He does what he wanted to do when he grew up (kind of)
Born 1964, New York, N.Y.; Arrived in Washington 1991
Even as a boy growing up in Israel, Oren Etzioni knew he wanted to be a scientist. He attended a school for gifted students when a reporter from a children’s magazine came for a visit.
“The interviewer asked the natural question you ask a 9-year-old, ‘What do you want to be when you grow up?’” Oren says. “I said a biochemist. Both my parents were sociology professors and I always knew I wanted to be a scientist and a researcher at an early age.”
Oren moved back to New York at age 13 to live with his father. He did his undergraduate degree at Harvard, where he was the first graduate with a computer science degree in the university’s history. He completed his doctorate at Carnegie Mellon, and came to Seattle because his then-wife loved the beauty and the opportunities for her career.
“I realized the department at the University of Washington was an up-and-coming department and Seattle is a lot better place to live than Providence,” the other natural choice for Oren’s career, he says.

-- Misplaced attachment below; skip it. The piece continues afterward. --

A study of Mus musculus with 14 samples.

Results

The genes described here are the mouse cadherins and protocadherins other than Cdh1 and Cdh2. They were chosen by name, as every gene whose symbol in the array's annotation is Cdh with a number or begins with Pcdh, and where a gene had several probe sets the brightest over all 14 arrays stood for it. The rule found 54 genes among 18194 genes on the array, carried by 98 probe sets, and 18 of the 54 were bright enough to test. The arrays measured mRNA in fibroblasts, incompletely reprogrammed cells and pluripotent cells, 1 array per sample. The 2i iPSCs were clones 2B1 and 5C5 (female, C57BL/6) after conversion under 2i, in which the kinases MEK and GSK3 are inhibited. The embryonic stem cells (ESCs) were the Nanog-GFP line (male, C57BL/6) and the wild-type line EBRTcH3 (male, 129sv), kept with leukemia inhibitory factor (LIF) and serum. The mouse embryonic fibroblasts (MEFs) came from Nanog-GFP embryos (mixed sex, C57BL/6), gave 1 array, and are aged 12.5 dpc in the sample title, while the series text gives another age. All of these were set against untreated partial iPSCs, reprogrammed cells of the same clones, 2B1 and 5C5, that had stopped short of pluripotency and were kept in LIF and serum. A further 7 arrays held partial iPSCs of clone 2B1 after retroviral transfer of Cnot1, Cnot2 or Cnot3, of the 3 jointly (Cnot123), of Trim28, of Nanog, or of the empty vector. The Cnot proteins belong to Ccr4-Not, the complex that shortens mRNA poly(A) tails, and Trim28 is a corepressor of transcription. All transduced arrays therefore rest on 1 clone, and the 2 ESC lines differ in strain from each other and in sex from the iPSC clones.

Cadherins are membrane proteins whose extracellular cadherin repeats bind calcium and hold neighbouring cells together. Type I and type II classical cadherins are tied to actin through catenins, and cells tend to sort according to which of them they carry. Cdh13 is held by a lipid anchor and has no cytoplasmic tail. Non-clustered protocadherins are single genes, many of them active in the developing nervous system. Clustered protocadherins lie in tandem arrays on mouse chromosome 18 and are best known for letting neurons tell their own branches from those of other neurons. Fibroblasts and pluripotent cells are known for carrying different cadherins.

Through the years Oren cultivated a love for teaching and mentored fifteen Ph.D. students. But he also had an entrepreneurial bent, and was in the right place at the right time to launch several Internet companies that were soon gobbled up by larger Internet companies.
In 2014, Oren left his position at the UW to lead the Paul Allen-founded Allen Institute for Artificial Intelligence, a research organization on the cusp of leading technology.
Though his family belongs to Temple Beth Am, “my own personal journey has been to be less close to Judaism as an organized religion,” he says. “At the same time, I’m very proud of being a Jew. I’m very proud of Israel in a time when Israel is very much criticized, if not vilified.”
Even though he loves being in Washington, “I am very cognizant that I and my children have given up something that is impossible to quantify—living in Israel—that wonderful thing,” he says. “I recognized ultimately that it’s a trade-off that we make in exchange for the peace and prosperity and the green that we have here.”